Culture

The Mysterious Magic of Marathon Training

With her marathon on Sunday, Caitlyn experienced a bit of taper tantrum.

FullSizeRender

Four days ago, I started crying about everything and nothing. I was toward the end of my final double-digit run before my first marathon, which happens this Sunday. I was completely exhausted, hungry but unable to eat and about ready to step off the quitting ledge without looking back. Crumpled on the floor of my boyfriend’s apartment, I peered out the back window and stared at the sky, waiting for that perfectly choreographed cinematic vision to give me an answer—perhaps back-dropped by booming music and accompanied by visions of Rocky Balboa bouncing around in my mind. I would rise up from the floor, have a crystal-clear objective, waltz out the door to an internal theme song and finish my 12-miler under overcast skies. How effing appropriate, I thought. It’s about to rain, and I’m having some sort of crazy, random mental breakdown. But still—the movie moment would happen. It had to.

Well, it didn’t. Radio silence confirmed that I was, in fact, just a girl crying on a floor.

I sent a SOS text to my runner girlfriend: “Is this just what happens?” “I can’t do it.” “I’m so tired.” “Why am I crying?” “I’m such a drama queen.” “12 miles shouldn’t be this hard.” “I want to quit.” Apparently this is just what happens. She confirmed that what I was feeling was normal during taper time and no, I was not going insane and was not about to call it quits. The two highest-mileage weeks came during our work’s Christmas break; the only thing I had to mentally focus on was running a lot of miles. But on the flip side, this particular day simultaneously marked the end of my first taper week and work week after the holidays. Tack on the sudden use of dormant mental energy and creative juices, and you have a bubbling formula for, apparently, a gnarly taper tantrum. She was right—I took a deep breath after our 10-minute text-therapy session and headed back out to finish the run.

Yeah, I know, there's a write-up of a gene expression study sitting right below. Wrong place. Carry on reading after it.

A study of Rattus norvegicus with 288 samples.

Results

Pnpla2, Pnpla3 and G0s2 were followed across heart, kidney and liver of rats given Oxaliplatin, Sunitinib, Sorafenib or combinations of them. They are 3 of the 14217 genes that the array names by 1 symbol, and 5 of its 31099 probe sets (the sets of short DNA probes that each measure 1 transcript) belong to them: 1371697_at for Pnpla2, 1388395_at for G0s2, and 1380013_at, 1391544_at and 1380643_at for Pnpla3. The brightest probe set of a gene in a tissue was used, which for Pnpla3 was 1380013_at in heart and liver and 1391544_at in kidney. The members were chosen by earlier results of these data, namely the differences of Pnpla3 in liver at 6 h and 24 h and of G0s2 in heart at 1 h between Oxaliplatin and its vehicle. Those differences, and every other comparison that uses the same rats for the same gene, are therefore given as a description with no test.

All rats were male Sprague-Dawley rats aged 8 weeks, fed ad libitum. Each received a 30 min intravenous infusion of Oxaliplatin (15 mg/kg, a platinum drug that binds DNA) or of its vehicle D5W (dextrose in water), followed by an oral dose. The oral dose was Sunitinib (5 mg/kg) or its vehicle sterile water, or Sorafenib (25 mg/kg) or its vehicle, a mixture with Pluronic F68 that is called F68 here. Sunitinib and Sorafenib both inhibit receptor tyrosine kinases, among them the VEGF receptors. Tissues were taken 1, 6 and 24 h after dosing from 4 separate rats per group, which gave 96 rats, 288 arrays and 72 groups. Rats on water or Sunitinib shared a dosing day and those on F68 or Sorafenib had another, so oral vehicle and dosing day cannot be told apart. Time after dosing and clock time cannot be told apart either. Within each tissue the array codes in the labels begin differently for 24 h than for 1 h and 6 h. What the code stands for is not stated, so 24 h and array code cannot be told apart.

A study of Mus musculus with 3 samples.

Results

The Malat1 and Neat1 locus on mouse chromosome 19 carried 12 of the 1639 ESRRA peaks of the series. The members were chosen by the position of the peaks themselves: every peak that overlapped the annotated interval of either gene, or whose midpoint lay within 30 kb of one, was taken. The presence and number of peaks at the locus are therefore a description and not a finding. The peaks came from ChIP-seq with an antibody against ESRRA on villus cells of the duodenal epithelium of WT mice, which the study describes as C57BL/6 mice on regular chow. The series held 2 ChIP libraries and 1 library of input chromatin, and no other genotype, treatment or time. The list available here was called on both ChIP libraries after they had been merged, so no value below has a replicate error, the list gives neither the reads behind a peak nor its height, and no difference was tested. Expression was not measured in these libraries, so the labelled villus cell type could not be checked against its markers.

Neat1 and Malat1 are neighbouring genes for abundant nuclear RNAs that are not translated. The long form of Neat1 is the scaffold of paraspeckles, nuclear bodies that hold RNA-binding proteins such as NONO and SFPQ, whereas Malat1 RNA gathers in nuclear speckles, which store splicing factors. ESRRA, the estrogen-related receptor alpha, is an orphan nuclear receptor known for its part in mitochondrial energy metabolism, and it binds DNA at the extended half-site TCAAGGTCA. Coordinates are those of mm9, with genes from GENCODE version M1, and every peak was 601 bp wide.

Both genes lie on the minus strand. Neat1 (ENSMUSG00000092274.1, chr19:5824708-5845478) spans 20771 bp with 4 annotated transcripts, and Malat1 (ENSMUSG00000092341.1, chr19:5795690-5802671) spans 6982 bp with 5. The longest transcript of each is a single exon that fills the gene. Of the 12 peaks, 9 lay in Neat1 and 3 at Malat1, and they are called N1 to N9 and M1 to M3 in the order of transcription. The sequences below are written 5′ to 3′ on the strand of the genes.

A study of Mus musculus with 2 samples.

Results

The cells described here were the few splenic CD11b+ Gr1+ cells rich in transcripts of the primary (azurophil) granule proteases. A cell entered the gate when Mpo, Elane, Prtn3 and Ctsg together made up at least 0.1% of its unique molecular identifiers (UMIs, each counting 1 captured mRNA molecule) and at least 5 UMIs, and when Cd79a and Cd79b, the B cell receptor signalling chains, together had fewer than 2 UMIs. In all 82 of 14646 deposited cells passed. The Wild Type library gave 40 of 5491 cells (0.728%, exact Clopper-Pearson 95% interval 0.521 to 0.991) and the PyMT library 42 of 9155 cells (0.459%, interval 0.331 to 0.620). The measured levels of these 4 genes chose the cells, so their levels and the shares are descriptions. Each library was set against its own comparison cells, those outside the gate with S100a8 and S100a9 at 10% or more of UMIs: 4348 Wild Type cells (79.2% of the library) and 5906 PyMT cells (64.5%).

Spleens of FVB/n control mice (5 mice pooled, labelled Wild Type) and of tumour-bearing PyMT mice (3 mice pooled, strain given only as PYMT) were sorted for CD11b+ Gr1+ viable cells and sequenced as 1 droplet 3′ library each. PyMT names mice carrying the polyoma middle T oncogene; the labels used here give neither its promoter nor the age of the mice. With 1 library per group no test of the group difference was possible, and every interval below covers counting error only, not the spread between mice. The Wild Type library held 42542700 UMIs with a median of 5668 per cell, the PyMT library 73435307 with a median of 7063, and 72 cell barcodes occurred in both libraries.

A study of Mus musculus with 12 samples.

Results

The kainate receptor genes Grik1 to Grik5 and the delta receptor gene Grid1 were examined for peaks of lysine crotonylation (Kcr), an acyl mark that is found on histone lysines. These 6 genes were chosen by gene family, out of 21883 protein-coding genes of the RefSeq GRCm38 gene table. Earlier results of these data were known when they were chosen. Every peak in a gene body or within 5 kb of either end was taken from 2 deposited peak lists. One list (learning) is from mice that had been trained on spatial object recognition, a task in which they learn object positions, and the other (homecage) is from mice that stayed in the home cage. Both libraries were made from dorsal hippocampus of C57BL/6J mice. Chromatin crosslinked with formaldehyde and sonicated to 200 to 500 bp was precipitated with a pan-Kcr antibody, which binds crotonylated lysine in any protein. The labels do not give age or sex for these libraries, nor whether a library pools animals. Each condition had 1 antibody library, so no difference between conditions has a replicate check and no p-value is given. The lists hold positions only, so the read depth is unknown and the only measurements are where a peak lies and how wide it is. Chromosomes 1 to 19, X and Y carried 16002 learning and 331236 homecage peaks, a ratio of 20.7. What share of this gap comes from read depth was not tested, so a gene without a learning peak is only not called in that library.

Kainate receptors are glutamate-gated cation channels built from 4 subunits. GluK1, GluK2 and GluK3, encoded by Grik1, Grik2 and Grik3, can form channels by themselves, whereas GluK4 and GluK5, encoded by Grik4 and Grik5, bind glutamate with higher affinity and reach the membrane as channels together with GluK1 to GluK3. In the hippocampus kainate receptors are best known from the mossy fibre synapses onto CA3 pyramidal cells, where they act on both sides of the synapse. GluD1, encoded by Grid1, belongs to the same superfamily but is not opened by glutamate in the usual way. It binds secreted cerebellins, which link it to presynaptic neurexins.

It is now three days before the marathon, and I’m feeling back to normal, save for my tapered, ready, jittery legs that are hungry for more running. My diet is back to normal and perhaps better than it’s been in the last two months. I’ve probably eaten the same four foods the entire week (Play nice, you pesky ulcerative colitis gremlin.), including lean proteins, fats (like, a ton of avocadoes) and enough carbs to fuel the entire list of registrants. Normal morning runs have been cut in half, but I’ve taken that extra time each a.m. to pause and soak in how much I’m ready to go on Sunday.

Ready. To. Go. I can’t remember that last time those three words were an honest part of my runner vocabulary. That’s a long journey from any three words I would have used last weekend. But as I look back on the last four months—all the ups and downs, crazy meals, long days, second winds, bonks, freak emotional breakdowns, feelings of victory, missing toenails and tons of learning experiences—I believe that’s the beauty of marathon training: You hit the lowest valleys before charging the peaks.

After announcing her return to the Boston Marathon earlier this month, Shalane Flanagan said that Boston “brings out the best in you but demands the best of you.” To me, this is marathon training. I have never experienced anything else to be as much of a letdown as it is euphoric during any given mile on any given day. When it starts, you stare you fears square in the eyes, knowing that the only way past them is straight through the middle. The side roads vanish, and the only thing standing between you and the start line are those unexpected, or perhaps ignored, qualms with yourself. You have two choices: tackle them to the ground and have them chase after you, or form an alliance and invite them along. I’m more of a solo runner, so allowing those scary monsters in and around me during my hardest, longest runs was a level of vulnerability I’d never tasted. I never outran the worries—they just eventually dropped out of the race. Or maybe they were pacers, meant to push me beyond those self-imposed limits I never had the courage to flirt with in the past. Who knows.

Climbing out of those valleys, making alliances with the enemy, pulling myself off the floor and forgiving the rampant thoughts that put me there—it all got me here: happy, healthy and READY TO GO on Sunday. That’s the great thing about peaks and valleys. When you learn to be a solid hill runner, those valleys are just momentum to propel you to the top.